Easter morning I awoke to the deafening sound of silence and the sad realization that that wasn’t going to change anytime soon. Birthdays are definitely much worse, but this was the first major holiday my four kids didn’t wake up at my house.
One hundred percent I should not complain. I have primary custody of my kids and stay home with them to boot. But a broken family in general, and on holidays especially, hurts nonetheless.
My ex husband and I flippantly threw the word divorce around from the very start. It took us 6 years to get it. One of the many things that always deterred me was the inability to imagine waking up on holidays apart.
Holidays as a young child (prior to my parents’ divorce) were split between my maternal and paternal grandparents where most of either my mum’s or dad’s siblings were there with their kids and maybe some further extended family.
Immediately following my parents’ divorce, there was a lot of traveling between families, but still large gatherings on either side. Slowly over the years between everyone moving, divorces, fall outs, and also deaths, the holidays weren’t what they once were. It’s overwhelmingly sad.
So it became a mission of mine to keep my immediate family together even after my ex and I divorced. Because of our individual upbringings it was important to each of us to do everything in the kids’ best interest giving them a sense of togetherness, stability, and tradition.
We did a great job of it, I believe, up until this Easter. For whatever reason, in the week leading up to it there was a breakdown in communication. A phone call after I dropped the kids off for the weekend to see what the plans were didn’t end well. It was agreed that he would return them at six on Sunday just as any other weekend of his.
I knew he wasn’t prepared to have the traditional Easter morning baskets awaiting them nor an Easter egg hunt. While they no longer believe in the Easter Bunny, they are still very young and I want them to have happy memories always and especially on holidays. But it was out of my hands and a battle that I chose not to fight.
As much as I disliked the situation, I got to spend a beautiful day with my partner, traveling to my hometown to visit my best friend and my grandma where Easter egg hunts and amazing dinners were had with tons of aunts, uncles, and cousins for so many years.
Grandma’s hugs make everything better and her words are invaluable. I expressed my sadness over not spending the day with the kids. A very simple, “…you make the best of what you have and be grateful for it,” gave some much needed and appreciated perspective.
When we returned home, I prepared for the kids to arrive. Baskets on the table and eggs hidden in the backyard. Of course, after days of preparation and anticipation, the kids had every egg picked up with 2 minutes. They took their baskets inside and began to wolf down chocolate eggs and jelly beans.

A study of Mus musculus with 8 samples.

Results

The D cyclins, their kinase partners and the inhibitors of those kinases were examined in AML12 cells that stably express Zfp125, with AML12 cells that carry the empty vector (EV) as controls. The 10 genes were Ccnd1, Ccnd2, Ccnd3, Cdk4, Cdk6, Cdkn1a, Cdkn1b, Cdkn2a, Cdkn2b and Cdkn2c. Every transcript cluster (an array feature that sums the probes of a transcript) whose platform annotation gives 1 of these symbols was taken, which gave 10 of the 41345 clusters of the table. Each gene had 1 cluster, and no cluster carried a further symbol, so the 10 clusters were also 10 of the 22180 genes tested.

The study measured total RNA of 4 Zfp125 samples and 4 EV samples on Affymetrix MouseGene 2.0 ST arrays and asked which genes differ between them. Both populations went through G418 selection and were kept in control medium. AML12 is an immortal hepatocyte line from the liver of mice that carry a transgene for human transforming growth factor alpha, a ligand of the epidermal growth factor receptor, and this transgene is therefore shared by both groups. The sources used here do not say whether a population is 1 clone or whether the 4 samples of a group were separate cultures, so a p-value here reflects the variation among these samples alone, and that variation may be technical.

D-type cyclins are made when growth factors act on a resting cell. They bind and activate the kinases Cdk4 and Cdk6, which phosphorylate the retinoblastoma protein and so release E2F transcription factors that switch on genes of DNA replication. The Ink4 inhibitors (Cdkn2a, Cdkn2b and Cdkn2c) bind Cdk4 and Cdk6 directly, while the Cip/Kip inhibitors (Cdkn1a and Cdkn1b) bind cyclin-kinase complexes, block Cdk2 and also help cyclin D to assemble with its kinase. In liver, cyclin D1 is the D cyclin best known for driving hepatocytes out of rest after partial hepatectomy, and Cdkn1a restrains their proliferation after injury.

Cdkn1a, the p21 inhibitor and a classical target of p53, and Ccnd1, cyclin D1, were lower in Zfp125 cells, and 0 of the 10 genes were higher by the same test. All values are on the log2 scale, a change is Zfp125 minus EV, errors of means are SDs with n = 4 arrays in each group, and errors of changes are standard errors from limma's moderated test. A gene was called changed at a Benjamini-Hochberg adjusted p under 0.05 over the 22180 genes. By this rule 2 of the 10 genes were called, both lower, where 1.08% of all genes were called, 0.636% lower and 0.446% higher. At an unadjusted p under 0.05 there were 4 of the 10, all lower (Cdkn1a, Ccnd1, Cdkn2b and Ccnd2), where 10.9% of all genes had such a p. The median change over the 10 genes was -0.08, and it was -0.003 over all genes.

My ex and I were laughing at them and taking pictures. We all played with the new bop it! I got them and had a blast. I took it in and realized how lucky we really are.
A tiny blip that just felt off was not such a big deal. We didn’t wake up and spend the day together, visiting extended family and having a huge dinner, but we were together.
This co-parenting thing is not easy. My ex and I have one of the best relationships I’ve seen amongst divorcees, but it’s not without it’s struggles. The feeling of loss of control is a very real thing for me.
The things they do when with him drive me nuts. The lack of discipline, the poor diet, the ridiculous amount of tech time, the lack of hygiene, the lack of engagement.
I have constant anxiety. Is he holding the 5 year old’s hand when they cross the street? If they are at the park, is he watching them or is he on his phone? Is my daughter being exposed to egg to which she is deathly allergic?
These are all things that I have to let go of when they are with him and perhaps share in another post (or 100). But letting go is a necessary means to an end.
This holiday aside, we coexist as if we were still married on the major holidays. If I were to pick at him for every single thing that drives me nuts about him as a parent, as an ex, or as a human being in general (and the same for him with me), we would never be able to keep our family together like this for holidays, birthdays, school events, etc.
There are those of you out there fighting major battles over custody, visitation, and child support, rolling your eyes at me, dealing with things you probably think I couldn’t even imagine. Actually, those people likely stopped reading this a while back, BUT, if you’re still reading, I see you. I am not you, but I was where your child is. I hate unsolicited advice, but I will say this:
Your child/children can see, hear, and feel EVERYTHING that you are going through. They don’t have the mental capacity to process it. Depending on their age, they may not have the words to express their feelings or a friend or family member with whom they can speak. It gets internalized and it is there FOREVER. Keep that in mind.
Co-parenting is tricky. Divorce changes so many things. We all have different situations and circumstances. Remember what my almost 92 year old grandma said, “make the best of what you have and be grateful for it.” Your situation may not be ideal, but chances are, it could be much worse.